Most primitive religions either set Nature as God or have a sort of Pantheistic aspect to them. The idea that there is an uncreated beginning, a single God who created everything is very rare. Plato stands out from the rest of the Greeks in believing in a single source. His concept of an invisible and supreme spiritual Being, is so different from the prevalent polytheism of other Greek philosophers and so remote from the pantheon of Homer and its scandalous Olympians with their permanent strife and marital and extra-marital affairs with mortal women, that one is inclined to think that Plato, at the time of his travel to Egypt thirty years old, happened to sit at the feet of Ezra. This would be around 400 BC or just after. It is easy to draw the conclusion that Plato's monotheism had a Mosaic source.
But Plato was not the first monotheistic, non-Semite. One of the Pharaohs, Amenhetep IV who called himself Akhenaten overthrew the prevailing polytheism in Egypt and set up a monotheistic religion. He is conventionally dated from the 14th century BC. Could he have been influenced by Jewish tradition?
The majority of modern scholars date the Patriarch Joseph to the Second Intermediate Period of Egyptian history, ca. 1786-1570 BC, a time when the Hyksos ruled the delta of the Nile. This view is based primarily on two assumptions: first, that the so-called Late Date of the Exodus during the reign of Ramses II is correct, and that the rise to power of an Asiatic like Joseph can best be placed during a period of Egyptian history when his fellow Asiatics, the Hyksos, controlled the government.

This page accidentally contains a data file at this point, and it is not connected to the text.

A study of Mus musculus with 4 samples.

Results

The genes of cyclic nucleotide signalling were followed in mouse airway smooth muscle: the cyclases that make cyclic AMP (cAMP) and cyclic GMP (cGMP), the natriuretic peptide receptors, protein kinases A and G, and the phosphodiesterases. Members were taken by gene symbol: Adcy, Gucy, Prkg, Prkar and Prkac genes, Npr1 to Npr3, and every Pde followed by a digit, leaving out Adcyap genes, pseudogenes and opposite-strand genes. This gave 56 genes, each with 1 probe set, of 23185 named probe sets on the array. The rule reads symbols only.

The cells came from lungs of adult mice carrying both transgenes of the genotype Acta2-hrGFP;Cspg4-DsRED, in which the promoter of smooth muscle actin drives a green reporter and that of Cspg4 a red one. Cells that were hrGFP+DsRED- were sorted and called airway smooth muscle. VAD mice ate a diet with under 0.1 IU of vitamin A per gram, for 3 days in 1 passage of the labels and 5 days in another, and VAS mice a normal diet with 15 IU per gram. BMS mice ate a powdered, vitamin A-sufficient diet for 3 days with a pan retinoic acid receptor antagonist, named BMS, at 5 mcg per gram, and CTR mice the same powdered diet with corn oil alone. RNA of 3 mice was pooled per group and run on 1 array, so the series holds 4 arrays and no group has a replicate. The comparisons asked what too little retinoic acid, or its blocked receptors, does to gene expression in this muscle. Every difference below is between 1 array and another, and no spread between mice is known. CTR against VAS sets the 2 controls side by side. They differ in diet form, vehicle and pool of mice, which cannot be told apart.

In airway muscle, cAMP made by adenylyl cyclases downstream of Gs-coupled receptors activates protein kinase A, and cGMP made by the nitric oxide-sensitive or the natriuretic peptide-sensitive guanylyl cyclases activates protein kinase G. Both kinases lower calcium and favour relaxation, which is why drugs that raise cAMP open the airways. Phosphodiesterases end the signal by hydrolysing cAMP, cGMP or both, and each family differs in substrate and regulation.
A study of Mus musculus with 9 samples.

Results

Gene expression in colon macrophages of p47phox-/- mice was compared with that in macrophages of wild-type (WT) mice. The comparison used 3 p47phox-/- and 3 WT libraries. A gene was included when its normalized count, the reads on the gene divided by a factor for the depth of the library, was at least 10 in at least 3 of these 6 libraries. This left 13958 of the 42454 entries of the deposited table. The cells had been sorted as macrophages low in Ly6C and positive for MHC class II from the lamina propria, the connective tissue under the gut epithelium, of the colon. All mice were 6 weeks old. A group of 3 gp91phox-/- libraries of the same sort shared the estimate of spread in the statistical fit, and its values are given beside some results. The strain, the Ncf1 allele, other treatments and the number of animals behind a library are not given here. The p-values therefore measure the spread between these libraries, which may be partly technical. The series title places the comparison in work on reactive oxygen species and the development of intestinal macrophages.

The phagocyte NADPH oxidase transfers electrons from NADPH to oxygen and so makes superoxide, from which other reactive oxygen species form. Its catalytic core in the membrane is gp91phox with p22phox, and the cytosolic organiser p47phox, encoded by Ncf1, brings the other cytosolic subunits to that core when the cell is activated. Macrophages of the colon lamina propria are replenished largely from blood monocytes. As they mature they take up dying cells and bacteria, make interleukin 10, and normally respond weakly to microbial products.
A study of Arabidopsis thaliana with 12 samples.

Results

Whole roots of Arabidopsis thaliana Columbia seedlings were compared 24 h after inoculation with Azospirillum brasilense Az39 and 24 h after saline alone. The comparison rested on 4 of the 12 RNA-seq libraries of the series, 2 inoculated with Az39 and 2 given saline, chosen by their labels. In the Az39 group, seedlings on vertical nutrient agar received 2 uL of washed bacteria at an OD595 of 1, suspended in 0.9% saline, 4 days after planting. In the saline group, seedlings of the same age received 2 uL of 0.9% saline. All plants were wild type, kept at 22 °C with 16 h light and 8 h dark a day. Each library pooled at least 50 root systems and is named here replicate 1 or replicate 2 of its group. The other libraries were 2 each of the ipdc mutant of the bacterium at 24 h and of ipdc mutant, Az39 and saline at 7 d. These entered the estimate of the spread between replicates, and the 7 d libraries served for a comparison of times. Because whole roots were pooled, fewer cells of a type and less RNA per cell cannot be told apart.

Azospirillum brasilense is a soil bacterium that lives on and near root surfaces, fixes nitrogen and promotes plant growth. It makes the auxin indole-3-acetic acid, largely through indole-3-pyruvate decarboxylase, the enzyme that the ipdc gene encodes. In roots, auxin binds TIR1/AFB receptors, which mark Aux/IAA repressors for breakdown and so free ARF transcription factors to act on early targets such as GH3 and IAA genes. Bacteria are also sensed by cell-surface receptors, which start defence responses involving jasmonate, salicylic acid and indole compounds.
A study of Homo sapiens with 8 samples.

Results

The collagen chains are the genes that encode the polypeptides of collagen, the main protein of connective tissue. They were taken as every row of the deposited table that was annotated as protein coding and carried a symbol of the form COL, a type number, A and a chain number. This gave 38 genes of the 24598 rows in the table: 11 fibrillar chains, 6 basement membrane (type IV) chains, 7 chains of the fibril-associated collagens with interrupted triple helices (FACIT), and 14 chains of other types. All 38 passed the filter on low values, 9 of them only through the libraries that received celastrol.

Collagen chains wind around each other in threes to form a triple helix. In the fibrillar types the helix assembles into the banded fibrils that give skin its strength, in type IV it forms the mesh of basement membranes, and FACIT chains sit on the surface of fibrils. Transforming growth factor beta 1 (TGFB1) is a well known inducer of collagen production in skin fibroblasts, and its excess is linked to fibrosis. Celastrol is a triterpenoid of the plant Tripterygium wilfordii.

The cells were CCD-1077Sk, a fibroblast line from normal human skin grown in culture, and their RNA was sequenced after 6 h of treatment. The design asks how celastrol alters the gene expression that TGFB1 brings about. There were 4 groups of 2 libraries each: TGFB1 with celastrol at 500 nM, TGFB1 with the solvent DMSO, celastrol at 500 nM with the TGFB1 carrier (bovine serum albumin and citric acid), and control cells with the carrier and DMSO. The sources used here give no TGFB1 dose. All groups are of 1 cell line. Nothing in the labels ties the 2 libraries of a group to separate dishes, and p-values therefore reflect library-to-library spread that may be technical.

If the Exodus occurred in the 13th century BC, and the time in Egypt lasted approximately 400 years (430, according to Exodus 12:40), Joseph would belong in the 17th century BC. But if the Exodus took place in the 15th century BC as some suggest, Joseph's career would be shifted back to the 19th century BC, during the days of the 12th Dynasty of the Middle Kingdom. Such an early date might mean that the rule of the Hyskos was a consequence of the devastation of Egypt following the destruction of Pharaoh's army in the Red Sea.
1 Kings 6:1 dates the Exodus 480 years before the fourth year of Solomon, ca. 966 BC.
I am not sufficiently skilled in Egyptian chronology to judge between these dates and I suspect that each scholar who looks at the data has his own hobby-horse to ride. Some years ago I read a long and detailed book by Donavon Courville on this subject by an author who thought all the experts were wrong about the dating. His thesis was that several of the Dynasties overlapped.
In any event it could well be that the monotheism of Akhenaten also had a Hebraic origin.